Africa’s Oil and Gas Industry: Trends, Challenges, and Potential

BMI’s Africa Oil Gas Report

BMI’s africa oil gas report interprets energy trends in sub-Saharan Africa for a global audience of professionals, consultancies, and financial institutions. It provides independent forecasts and competitive intelligence.

As prices recover, African producers face increased cost pressures from investors and lenders. They must optimize their fiscal regimes and reduce their carbon intensity.

Natural gas

With a host of new gas discoveries in Mozambique, Tanzania, Senegal and Mauritania, Africa is poised to become a major natural gas exporter. But the rush to exploit these reserves threatens the continent’s climate policies. With Europe and East Asia shifting away from intensive fossil fuel use, export windfalls could be short-lived. And the infrastructure needed to convert to gas-powered power will be expensive, a Global Energy Monitor briefing warned.

Multilateral financiers have already withdrawn from coal and oil projects under pressure from a vocal green lobby, and the threat of global climate change is making them wary of funding new LNG development as well. That has put African independents on the back foot. Yet promoting gas for domestic consumption can boost industrialisation and economic growth, reduce poverty and help wean poor people off biomass cooking stoves. This can be done by ensuring LNG project developers allocate some of their production to the local market, as well as by developing long-distance pipelines and intra-regional networks that encourage gas-based industrialisation and power generation.

Oil

Oil is the most widely used fossil fuel in the world and provides the basis for a large portion of Africa’s energy export revenues. The occurrence of organic-rich, oil-prone Type I and II kerogens in sedimentary basins and their entrapment within reservoir rocks with intrinsic petrophysical properties is responsible for the large oil deposits in Africa.

But many academics have warned that countries endowed with natural resources tend to end up with worse economic and social outcomes once they cash in. In Angola and Nigeria, for example, corrupt officials siphoned billions in profits from oil sales away from local communities.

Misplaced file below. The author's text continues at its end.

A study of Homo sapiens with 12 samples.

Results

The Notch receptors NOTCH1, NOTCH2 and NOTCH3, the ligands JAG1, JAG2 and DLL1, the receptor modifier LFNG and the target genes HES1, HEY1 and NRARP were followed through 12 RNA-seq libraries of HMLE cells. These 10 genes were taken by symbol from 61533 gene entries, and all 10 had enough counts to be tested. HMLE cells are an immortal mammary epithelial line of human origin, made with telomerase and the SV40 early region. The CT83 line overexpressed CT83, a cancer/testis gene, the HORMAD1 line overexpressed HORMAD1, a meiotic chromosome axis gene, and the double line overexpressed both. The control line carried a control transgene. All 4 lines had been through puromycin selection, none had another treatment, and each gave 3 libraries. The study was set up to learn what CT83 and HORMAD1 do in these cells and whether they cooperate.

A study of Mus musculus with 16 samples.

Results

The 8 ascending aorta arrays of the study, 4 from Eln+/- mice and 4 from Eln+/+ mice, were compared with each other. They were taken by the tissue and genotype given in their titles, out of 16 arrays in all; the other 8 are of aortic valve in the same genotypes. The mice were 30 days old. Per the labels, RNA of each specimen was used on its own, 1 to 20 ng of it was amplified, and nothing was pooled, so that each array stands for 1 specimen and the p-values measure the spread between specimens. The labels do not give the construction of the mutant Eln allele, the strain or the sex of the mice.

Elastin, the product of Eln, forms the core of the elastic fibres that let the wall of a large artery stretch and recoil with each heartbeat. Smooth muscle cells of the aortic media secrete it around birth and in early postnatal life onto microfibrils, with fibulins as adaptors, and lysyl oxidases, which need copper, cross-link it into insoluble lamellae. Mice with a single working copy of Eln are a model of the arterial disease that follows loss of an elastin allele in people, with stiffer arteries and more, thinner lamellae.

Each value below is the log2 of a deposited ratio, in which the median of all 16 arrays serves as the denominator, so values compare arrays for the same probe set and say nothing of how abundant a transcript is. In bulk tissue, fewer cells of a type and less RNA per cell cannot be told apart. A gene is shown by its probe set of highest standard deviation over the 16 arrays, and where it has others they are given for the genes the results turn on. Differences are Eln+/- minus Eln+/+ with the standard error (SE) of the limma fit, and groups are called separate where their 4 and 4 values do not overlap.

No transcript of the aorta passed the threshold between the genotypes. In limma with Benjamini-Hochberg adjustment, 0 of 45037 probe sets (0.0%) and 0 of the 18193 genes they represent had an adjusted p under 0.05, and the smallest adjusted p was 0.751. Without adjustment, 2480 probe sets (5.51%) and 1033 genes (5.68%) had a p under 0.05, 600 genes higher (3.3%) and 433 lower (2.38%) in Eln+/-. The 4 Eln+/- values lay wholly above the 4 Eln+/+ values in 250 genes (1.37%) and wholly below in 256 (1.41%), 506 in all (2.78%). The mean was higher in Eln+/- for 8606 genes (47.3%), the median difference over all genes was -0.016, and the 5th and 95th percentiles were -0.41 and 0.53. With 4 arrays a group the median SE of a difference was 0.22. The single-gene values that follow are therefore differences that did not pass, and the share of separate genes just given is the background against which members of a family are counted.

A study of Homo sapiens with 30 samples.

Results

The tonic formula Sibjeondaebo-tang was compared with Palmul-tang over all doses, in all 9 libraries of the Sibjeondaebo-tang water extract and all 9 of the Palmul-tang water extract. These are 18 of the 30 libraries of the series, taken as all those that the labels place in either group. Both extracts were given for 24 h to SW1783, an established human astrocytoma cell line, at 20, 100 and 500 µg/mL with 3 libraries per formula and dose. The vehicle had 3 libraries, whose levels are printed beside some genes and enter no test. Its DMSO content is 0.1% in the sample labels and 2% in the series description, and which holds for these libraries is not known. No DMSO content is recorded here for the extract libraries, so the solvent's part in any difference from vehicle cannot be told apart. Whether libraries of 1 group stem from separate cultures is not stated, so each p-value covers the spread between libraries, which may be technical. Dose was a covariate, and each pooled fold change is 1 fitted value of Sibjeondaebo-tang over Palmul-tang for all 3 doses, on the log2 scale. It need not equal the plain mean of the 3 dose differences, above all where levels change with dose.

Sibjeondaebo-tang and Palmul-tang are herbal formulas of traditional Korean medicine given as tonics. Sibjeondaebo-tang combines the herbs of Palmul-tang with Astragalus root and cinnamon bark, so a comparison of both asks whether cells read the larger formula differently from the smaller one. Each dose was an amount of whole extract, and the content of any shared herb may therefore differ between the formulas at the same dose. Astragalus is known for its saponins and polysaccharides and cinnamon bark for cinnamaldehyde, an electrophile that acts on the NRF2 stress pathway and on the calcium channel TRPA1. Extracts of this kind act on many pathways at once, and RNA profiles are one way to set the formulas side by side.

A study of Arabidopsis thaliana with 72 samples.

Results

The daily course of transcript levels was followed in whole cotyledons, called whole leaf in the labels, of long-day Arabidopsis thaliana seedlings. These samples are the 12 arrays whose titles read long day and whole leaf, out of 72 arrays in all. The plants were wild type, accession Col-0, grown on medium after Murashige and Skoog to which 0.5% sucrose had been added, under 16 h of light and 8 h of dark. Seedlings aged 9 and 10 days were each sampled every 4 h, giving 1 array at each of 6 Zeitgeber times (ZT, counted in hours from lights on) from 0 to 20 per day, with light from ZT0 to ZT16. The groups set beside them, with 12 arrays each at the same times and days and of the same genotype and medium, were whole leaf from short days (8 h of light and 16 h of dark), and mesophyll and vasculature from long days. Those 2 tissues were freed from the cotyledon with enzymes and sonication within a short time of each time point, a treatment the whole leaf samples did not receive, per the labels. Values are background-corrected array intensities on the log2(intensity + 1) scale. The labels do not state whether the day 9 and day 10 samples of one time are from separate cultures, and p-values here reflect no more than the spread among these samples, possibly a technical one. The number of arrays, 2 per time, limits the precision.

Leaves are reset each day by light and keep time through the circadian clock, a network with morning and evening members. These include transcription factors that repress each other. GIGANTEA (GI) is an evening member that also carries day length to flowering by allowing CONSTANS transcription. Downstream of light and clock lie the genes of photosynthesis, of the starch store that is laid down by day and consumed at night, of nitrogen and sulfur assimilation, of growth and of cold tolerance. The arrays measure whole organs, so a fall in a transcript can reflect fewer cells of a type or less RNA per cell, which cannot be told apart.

However, new discoveries are driving a resurgence in African upstream projects. Several major greenfield Financial Investment Decisions are expected throughout 2023, including Baleine (Eni) in Cote d’Ivoire, Venus (TotalEnergies) in Namibia, and Graff (Shell) in Tanzania. These projects are being financed by the Majors, but Africa must reduce costs and improve project delivery to compete.

Renewables

As world energy demand shifts toward lower-emission fuels, Africa’s oil and gas producers will have to focus more on meeting domestic demand. This will require a combination of strategies, including investing in the right energy mix and promoting renewables.

Renewable resources are usable energy sources that run on an inexhaustible or replenishable supply of natural “fuels.” These include sunlight, wind, rivers (hydroelectric power), hot springs and biomass. The ways in which these resources are harnessed are sufficiently different, however, that laws and regulations usually treat each resource as a separate technology.

Attracting private investment in renewable energy could help African countries make the transition to a low-carbon future. Surveys indicate that governance-related risks – such as complex bureaucracy and changing regulation – pose the greatest challenge to this effort. However, governance improvements can mitigate these risks. Similarly, improving infrastructure and streamlining permitting processes can also reduce project costs. These investments can create new business opportunities for energy companies and other stakeholders.

Infrastructure

The development of infrastructure for the transport and processing of natural gas in Africa can help to lower energy costs and improve reliability of supply. Countries with significant gas reserves could invest in gas pipeline infrastructure to connect them with regions where demand is expected to be strong, such as those in North Africa and South Africa.

Moreover, with international energy companies increasing their focus on renewables and carbon-reduction initiatives, Africa’s oil and gas companies need to build local expertise and skills to drive the industry forward. This can be done by driving regional content policies and coordinating global recruitment campaigns to attract qualified professionals to the region.

This report provides industry views, independent forecasts and competitive intelligence on the African oil and gas market. The report is a must-read for industry professionals, consultancies, government departments and regulatory bodies. It interprets trends in the continent’s Petroleum Industry and explains them in ways that accountants, project financiers, energy journalists and public affairs specialists can understand.